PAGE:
Veve Film Review
The fourth film from the fruitful collaboration between One Fine Day Films and Ginger Ink premiered yesterday at the Junction. The premiere kicked off at 6.30pm and was attended by the whos who in the Kenyan film industry. Renowned Director and the brains behind One Fine Day Films, Tom Tykwer, also graced the event. There were however, a few hiccups with the organization of the event with some confusion at ticketing and a late start.
Veve is slang for what is known as khat or miraa. Written by Natasha Likimani and Directed by Simon Mukali, the film is a political thriller set in the middle of the flourishing and often dangerous miraa trade. Amos (Lowry Odhiambo), is an MP that also dabbles in the lucrative miraa trade in his constituency. He faces challenges such as dissatisfaction from the farmers that supply him with veve and stiff competition from his arch rival, Wadu (Abubakar Mire). Esther (Lizz Njagah), Amos’ wife, supports him until she begins to realize he’s no angel. Her loyalty is further questioned when Kenzo (Emo Rugene), walks into her life.
The opening sequence of the film is excellent as it portrays the high level sanctioning of the miraa trade to the point that police at road blocks know not to stop trucks ferrying it. The setting is refreshingly authentic. The cinematography shows off the beautiful Maua landscape and there are several scenes in kimeru. The miraa trade process from planting to harvesting to selling is explored and portrayed in a believable way.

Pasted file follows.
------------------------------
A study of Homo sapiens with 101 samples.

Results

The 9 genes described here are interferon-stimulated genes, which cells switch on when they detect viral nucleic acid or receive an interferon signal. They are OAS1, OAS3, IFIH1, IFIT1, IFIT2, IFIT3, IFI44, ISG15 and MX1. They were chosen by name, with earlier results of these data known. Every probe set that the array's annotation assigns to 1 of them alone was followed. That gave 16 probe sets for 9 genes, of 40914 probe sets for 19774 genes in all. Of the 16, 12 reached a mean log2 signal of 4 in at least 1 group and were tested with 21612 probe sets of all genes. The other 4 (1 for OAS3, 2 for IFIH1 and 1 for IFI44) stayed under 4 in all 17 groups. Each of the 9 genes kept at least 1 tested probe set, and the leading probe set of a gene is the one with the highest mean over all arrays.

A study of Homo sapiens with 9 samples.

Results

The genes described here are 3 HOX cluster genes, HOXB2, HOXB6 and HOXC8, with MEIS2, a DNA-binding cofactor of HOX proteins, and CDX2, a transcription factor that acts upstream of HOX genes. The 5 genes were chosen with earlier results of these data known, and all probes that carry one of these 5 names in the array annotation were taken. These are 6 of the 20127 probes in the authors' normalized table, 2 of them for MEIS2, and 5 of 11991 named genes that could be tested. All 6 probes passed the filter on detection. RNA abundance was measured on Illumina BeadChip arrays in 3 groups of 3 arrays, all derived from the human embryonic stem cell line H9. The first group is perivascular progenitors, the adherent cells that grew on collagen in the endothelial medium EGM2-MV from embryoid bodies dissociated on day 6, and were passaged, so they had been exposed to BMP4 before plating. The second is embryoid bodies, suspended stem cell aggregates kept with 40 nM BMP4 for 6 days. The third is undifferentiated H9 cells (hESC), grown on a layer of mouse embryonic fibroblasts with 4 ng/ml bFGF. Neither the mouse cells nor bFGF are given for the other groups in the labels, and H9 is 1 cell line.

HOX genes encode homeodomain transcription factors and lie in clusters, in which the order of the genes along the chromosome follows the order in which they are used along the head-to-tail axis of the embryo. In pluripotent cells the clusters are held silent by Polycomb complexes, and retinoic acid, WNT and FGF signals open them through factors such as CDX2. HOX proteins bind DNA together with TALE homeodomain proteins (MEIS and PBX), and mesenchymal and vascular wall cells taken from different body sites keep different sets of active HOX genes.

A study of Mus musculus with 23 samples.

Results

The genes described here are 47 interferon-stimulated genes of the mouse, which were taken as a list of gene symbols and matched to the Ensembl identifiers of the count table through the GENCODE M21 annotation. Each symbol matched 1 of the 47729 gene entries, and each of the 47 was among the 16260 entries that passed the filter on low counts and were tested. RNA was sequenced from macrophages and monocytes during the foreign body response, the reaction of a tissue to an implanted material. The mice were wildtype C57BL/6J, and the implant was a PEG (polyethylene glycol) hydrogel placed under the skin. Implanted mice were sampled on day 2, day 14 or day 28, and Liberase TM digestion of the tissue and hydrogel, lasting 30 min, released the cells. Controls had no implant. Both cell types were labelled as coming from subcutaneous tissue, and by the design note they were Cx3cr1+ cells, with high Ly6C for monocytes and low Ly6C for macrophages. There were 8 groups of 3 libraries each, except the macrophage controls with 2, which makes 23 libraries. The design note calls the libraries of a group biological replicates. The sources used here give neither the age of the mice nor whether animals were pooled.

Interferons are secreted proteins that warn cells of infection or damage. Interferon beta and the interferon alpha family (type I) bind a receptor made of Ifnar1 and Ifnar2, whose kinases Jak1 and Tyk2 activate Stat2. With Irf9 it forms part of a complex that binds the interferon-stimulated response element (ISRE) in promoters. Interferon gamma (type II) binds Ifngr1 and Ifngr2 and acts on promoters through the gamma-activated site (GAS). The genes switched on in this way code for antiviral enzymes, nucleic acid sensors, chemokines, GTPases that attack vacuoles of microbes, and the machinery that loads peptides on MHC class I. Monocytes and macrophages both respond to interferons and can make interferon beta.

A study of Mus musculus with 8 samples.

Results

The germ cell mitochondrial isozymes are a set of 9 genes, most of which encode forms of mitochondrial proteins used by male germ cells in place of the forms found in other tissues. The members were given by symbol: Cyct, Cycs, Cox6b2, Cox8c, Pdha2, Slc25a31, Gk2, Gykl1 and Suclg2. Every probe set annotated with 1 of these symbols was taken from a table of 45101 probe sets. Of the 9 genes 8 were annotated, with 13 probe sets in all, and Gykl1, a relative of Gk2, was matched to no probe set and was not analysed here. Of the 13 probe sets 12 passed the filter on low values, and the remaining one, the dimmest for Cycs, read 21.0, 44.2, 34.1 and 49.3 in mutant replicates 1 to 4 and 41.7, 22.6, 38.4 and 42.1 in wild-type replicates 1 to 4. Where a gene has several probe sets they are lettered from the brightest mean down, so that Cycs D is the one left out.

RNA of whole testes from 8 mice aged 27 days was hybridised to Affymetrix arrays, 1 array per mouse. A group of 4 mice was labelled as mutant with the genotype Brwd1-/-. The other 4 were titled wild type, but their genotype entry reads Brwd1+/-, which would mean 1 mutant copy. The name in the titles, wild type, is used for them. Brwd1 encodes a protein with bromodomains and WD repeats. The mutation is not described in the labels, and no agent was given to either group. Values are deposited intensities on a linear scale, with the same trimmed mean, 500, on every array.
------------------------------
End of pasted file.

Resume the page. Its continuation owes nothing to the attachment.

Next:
The actors put on a good performance. The star of the film however, is easily Conrad Makeni who plays Sam, Amos’ loyal henchman. Abubakar Mire (Wadu), Joseph Peter Mwambia (Mzee) and Lizz Njagah (Esther) also light up the screen with their performances. A surprise wonderful performance is given by Delvin Mudigi (of Sauti Sol) who plays Julius, a thug and friend to Kenzo. Delvin’s scenes offers comic relief to an otherwise seriously themed film.
There are a few misses in the film that mostly have to do with character development. It is commendable that the script attempts to delve into various characters’ lives reminiscent of the film ‘Crash’. However, there simply isn’t enough film to adequately tell these stories. The pacing is also off and the story arc suffers for it. There aren’t enough solid set-ups hence the resolution seems contrived. It would have worked if they had reduced on the sub plots and characters.
Despite these few misses, the film is a worthwhile watch. The cinematography is gorgeous, the story bold, the action scenes are good and for a bonus, it has a steamy and satisfying sex scene between Kenzo and Esther.
The film opens at the Junction cinema on September 5th. Buy a ticket and support Kenyan film. Watch the trailer here.